Polygamous sect leader pleads guilty to escape, fraud

In this Jan. 21, 2015, file photo, former polygamous sect leader Lyle Jeffs leaves the federal courthouse, in Salt Lake City. He was sentenced Wednesday to nearly five years in prison for his role in a carrying out an elaborate food stamp fraud scheme and for escaping home confinement while awaiting trial.

Rick Bowmer, AP file photo

SALT LAKE CITY | A former polygamous sect leader was sentenced Wednesday to nearly five years in prison for his role in a carrying out an elaborate food stamp fraud scheme and for escaping home confinement while awaiting trial.

U.S. District Judge Ted Stewart said during a hearing in Salt Lake City that Lyle Jeffs deserved the 57-month prison sentence because his behavior showed he doesn't respect U.S. laws and puts his allegiance to his brother and the sect's imprisoned prophet, Warren Jeffs, above everything else.

Stewart said Lyle Jeffs' religious beliefs provide context for his decision to follow his brother's orders, but don't justify the fact that he "cheated" taxpayers out of government funds.

Lyle Jeffs is a lifelong member of the Mormon offshoot group based on the Utah-Arizona border known as the Fundamentalist Church of Jesus Christ of Latter-Day Saints. The group has a small compound near Pringle in western South Dakota.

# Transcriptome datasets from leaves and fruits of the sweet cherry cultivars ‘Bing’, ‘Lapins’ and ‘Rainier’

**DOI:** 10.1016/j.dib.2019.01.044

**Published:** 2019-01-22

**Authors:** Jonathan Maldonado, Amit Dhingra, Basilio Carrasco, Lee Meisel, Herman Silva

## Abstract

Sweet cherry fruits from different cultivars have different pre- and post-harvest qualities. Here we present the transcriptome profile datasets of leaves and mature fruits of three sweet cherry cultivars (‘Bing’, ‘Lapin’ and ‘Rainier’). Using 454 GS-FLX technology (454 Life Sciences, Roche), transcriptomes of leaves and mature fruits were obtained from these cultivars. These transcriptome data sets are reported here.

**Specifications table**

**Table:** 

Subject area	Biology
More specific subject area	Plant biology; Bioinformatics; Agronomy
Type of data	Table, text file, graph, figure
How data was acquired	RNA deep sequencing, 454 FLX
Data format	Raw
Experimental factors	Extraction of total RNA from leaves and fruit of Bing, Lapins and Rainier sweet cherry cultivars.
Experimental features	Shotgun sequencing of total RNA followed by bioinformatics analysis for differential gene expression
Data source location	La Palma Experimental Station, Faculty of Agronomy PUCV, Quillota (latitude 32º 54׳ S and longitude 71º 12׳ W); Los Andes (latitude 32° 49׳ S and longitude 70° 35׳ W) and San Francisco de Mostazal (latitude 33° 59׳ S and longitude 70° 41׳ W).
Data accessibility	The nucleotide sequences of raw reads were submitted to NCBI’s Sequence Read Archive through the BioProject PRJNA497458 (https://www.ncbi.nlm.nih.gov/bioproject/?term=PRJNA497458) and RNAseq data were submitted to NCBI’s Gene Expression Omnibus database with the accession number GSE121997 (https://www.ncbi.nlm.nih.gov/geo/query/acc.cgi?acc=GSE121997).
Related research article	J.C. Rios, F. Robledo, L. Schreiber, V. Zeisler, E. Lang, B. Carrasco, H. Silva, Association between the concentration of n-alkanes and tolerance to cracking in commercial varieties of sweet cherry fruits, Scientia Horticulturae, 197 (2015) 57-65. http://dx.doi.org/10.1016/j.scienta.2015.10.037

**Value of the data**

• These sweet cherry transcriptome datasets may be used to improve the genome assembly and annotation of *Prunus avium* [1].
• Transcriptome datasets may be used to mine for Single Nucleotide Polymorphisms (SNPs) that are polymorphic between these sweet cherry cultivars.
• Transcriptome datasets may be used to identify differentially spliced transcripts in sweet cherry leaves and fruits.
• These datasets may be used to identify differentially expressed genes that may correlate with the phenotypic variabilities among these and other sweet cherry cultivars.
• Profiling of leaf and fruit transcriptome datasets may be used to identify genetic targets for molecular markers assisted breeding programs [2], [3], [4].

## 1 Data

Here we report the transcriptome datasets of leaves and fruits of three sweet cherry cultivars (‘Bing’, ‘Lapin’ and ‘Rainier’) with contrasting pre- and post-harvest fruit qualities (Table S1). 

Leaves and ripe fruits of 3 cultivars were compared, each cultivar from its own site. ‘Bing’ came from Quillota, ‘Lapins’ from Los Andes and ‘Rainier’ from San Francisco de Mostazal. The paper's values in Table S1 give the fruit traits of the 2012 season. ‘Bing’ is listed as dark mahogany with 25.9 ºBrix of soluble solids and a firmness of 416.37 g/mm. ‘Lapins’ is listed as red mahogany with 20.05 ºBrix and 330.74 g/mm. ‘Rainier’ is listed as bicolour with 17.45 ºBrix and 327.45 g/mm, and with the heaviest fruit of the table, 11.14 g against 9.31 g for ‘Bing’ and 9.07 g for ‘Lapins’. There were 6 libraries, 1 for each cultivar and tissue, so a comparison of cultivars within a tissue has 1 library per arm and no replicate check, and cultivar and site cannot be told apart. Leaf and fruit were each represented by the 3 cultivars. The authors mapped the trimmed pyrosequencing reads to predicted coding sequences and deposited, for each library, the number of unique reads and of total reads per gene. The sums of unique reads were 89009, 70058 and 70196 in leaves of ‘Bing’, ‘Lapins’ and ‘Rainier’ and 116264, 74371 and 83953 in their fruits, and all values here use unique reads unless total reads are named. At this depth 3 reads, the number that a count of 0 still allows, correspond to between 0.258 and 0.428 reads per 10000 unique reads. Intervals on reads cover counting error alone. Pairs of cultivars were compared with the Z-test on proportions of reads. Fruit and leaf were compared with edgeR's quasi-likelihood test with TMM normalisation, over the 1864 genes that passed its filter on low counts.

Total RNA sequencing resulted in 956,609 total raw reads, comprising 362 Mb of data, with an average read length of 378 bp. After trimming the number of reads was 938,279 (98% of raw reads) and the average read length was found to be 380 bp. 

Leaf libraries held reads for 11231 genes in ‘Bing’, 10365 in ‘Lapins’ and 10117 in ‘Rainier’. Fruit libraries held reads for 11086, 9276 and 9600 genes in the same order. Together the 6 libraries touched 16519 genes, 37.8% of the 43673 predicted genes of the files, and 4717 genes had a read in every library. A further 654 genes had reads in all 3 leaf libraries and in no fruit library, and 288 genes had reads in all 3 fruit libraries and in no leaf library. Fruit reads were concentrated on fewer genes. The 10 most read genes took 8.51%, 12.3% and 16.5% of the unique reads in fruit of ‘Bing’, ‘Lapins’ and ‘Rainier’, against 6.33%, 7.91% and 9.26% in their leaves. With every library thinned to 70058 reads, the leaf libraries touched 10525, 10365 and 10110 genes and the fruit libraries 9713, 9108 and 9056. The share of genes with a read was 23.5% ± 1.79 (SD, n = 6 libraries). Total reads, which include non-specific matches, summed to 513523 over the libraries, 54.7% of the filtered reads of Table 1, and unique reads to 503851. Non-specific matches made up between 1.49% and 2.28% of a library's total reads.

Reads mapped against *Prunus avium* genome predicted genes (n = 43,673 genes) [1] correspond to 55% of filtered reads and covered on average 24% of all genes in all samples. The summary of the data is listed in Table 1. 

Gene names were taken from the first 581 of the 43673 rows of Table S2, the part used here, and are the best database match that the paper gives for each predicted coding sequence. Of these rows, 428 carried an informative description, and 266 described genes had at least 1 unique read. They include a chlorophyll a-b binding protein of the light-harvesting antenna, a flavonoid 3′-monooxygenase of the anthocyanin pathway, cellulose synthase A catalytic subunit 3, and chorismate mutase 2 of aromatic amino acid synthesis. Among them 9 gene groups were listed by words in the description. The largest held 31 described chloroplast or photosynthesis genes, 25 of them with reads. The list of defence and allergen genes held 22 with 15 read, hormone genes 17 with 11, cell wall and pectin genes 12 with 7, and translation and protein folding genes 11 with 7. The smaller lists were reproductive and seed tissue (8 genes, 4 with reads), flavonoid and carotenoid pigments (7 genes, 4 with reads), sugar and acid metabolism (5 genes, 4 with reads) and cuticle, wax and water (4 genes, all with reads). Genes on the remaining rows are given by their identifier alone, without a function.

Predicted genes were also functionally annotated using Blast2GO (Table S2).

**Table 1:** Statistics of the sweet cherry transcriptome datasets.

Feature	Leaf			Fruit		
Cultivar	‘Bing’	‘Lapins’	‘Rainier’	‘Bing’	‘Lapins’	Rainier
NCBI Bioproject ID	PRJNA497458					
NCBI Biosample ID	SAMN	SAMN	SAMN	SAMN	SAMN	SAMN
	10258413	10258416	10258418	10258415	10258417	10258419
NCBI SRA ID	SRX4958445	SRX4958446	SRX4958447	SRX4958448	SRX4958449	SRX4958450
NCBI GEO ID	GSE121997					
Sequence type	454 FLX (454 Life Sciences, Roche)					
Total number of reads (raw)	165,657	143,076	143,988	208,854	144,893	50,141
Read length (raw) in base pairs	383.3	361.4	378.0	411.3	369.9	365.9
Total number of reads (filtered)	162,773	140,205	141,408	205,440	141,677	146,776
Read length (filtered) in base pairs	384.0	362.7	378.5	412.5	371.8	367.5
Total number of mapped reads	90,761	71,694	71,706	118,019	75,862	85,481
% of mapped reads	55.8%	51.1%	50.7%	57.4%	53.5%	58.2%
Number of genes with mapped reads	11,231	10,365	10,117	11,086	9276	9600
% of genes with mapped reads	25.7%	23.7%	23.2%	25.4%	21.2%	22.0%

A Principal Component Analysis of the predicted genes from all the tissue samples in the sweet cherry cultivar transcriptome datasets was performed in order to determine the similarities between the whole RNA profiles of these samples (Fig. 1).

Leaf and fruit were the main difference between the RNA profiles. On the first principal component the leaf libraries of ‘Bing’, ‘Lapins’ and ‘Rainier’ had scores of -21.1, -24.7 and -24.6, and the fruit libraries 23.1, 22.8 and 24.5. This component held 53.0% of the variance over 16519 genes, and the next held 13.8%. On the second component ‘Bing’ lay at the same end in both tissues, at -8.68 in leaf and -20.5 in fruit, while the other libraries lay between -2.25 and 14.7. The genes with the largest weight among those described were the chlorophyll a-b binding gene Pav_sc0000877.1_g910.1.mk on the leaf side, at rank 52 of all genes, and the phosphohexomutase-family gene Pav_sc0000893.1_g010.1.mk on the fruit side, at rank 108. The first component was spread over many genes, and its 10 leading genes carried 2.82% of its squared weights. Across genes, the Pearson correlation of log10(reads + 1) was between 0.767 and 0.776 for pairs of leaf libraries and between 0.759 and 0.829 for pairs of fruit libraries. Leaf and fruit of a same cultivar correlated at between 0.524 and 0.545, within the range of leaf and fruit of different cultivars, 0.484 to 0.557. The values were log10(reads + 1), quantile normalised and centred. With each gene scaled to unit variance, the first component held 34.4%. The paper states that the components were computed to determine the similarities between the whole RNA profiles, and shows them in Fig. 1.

"Mr. Jeffs is an adult. He knows right from wrong," Stewart said.

Prosecutors accused Lyle Jeffs of running a scheme to divert some $11 million in food-stamp benefits to a communal storehouse and front companies. The funds were used to pay for a tractor, truck and other items. Jeffs was accused of orchestrating the scheme.

Prosecutor Robert Lund asked for the maximum five-year sentence to send a message to Lyle Jeffs and other sect leaders that a "culture of corruption" in recent years won't be tolerated.

Lyle Jeffs was also ordered to pay $1 million in restitution. He had previously pleaded guilty to conspiracy to commit benefits fraud and failure to appear.

Lyle Jeffs, 57, spoke briefly and said he accepted responsibility for his mistakes and that he erred in not properly researching food stamp fraud laws.

"I do your honor humbly and respectfully say that I acknowledge my mistakes and decision-making," said Lyle Jeffs, his hands and ankles shackled. "I do humbly accept my responsibly for my actions. I don't blame anyone."

His attorney Kathryn Nester said the scheme wasn't malicious but meant to ensure everyone in the group had food to eat as part of the group's religious beliefs in communal living.

She said Lyle Jeffs has already suffered tremendously because he's been banned from the sect by his brother Warren Jeffs. That means he's lost his family, his job and his faith.


Lyle Jeffs was first charged in February 2016 along with 10 other members of the sect in the fraud scheme. Cases against the others ended in plea deals without prison time or dismissed charges, including the case against his brother Seth Jeffs, leader of the sect's compound in Custer County.

Lyle Jeffs compounded his legal problems when he became a fugitive after he slipped off an ankle monitoring device in in June of that year while out on supervised release. He was caught in South Dakota a year later after Yankton pawn shop workers spotted him and called police.

His brother Warren Jeffs is serving a life sentence in Texas for sexually assaulting girls he considered wives.

Members of the sect believe polygamy brings exaltation in heaven. The sect is an offshoot of mainstream Mormonism, which disavowed polygamy more than 100 years ago.